Sunday, July 26, 2009

The Accidental Summit

Humphreys Peak, the highest point in Arizona, from a distance.

A few weeks ago Camber and I found ourselves, quite unintentionally, standing on top of Arizona.

How, you may ask, does one accidentally climb to the top of a 12,637-foot high mountain? I shall tell you.

It's true that we went down to Flagstaff, Arizona (Camber's home town) for the express purpose of climbing this mountain. This would have been my highest peak yet (I know, I know, it's humiliating that I've never broken 14,000 feat), so we were very excited. Sadly, on the morning of our hike, the peaks were covered in lightning storms, meaning it would have been too dangerous to climb to the top.

So instead Camber and I settled on a day-hike, on a trail someone recommended to us. It was the most beautiful aspen forest I have ever seen:

Me standing stupidly amongst beautiful aspens.

Camber in the aspens

The weather did turn foul briefly (it hailed on us for about 10 minutes; we took cover under pine trees), but began to clear up, so we just kept hiking. At one point we saw a sign that said we had 4 miles to the saddle. We were feeling good, and figured we could make it there. And we were rewarded:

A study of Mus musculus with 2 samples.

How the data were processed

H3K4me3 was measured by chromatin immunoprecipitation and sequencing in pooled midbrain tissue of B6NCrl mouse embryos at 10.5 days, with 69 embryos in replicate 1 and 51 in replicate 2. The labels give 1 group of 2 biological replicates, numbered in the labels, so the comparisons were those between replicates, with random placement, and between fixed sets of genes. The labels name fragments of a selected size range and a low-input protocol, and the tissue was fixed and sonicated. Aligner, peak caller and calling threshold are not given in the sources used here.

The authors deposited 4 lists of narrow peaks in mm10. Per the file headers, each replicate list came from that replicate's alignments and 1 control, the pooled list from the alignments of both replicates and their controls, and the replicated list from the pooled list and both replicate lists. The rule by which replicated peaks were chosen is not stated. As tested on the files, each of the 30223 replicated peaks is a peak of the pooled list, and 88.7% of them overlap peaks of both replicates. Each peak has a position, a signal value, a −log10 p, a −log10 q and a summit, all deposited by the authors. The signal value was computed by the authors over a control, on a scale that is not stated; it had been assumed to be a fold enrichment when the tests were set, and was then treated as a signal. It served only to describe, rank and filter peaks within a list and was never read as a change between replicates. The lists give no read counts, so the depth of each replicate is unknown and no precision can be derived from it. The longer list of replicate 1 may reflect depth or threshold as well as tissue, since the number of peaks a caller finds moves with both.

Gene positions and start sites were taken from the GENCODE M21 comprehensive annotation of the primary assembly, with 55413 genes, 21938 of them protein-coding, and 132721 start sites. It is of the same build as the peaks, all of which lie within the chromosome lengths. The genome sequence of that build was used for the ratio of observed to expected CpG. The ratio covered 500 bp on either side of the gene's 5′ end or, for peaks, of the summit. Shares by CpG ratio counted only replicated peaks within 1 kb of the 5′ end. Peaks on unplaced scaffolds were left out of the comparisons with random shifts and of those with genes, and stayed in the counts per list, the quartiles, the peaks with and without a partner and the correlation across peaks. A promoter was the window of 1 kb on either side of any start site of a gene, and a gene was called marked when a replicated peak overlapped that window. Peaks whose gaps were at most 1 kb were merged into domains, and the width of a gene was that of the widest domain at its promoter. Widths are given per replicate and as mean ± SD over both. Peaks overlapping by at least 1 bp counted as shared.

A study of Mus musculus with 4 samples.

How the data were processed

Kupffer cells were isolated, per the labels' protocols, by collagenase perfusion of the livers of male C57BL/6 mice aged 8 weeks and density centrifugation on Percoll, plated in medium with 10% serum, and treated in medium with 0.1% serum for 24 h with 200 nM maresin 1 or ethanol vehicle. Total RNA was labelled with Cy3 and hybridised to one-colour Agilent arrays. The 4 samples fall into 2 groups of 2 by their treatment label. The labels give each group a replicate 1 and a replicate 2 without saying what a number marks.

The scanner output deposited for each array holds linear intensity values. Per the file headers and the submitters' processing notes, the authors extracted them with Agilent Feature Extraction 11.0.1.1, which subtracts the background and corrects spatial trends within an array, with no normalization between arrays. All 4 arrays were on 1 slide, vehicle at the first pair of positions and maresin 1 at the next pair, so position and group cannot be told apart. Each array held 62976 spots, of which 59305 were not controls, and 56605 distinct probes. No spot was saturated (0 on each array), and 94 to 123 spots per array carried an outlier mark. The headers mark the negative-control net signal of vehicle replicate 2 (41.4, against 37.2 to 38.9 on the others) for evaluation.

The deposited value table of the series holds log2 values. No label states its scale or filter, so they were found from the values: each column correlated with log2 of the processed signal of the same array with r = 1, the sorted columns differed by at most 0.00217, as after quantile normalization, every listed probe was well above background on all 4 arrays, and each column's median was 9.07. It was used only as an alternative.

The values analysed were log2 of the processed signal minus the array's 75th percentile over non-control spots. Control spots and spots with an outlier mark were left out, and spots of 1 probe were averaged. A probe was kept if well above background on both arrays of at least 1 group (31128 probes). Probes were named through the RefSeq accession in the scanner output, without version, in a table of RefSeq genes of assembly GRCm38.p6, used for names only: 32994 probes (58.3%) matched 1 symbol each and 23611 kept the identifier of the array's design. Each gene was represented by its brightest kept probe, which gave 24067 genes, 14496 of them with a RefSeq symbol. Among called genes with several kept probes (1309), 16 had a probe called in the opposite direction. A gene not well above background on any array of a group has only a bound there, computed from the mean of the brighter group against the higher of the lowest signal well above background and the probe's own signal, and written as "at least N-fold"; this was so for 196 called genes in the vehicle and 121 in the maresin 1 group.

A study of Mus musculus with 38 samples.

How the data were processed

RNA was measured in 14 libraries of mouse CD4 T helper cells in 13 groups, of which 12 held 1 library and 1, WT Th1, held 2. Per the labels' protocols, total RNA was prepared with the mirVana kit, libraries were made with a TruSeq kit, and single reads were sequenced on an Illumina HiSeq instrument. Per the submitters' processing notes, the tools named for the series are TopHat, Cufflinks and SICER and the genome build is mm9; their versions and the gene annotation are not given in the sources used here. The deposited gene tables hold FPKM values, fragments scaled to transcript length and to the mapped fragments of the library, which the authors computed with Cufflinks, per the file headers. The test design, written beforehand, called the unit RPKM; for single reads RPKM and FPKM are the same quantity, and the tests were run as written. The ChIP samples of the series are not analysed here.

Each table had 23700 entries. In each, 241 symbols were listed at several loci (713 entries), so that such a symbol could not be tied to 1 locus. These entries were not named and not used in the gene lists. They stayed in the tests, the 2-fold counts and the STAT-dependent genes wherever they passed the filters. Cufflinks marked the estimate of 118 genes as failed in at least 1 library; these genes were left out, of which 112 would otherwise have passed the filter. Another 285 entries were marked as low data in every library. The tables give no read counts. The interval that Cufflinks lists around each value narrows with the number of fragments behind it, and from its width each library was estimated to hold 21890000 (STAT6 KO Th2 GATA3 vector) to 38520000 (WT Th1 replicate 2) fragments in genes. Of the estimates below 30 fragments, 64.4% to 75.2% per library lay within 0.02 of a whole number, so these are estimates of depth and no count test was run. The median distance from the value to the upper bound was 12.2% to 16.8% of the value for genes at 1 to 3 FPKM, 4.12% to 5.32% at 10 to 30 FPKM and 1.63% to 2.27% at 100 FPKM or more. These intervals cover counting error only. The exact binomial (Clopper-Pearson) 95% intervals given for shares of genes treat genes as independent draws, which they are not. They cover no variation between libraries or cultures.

A view from the saddle

Once we reached the saddle, we went ahead and hiked to the next saddle. Once we reached that, we took a trail to the next saddle. And at that point we figured, "Well, we may as well hike to the top!"

So we kept on going, not unlike our good friend the Energizer Bunny, until we reached the summit. It was a beautiful view, and there was even a nice Canadian man there to take our picture:

Camber and I at the top

So that's how it happened that a 4-hour morning hike turned into a 10-hour all-day hike. It was beautiful and worth it. If you've never been to Flagstaff, you really ought to go. Its beauty will stun you.

Here are a few more pictures:

Aspen trees. Good shot, eh?

Me standing in an aspen grove

A lichen-covered rock field

1 comment:

  1. So in regards to the lichen covered rock field: is the field itself covered with lichen, or is it a field full of lichen covered rocks?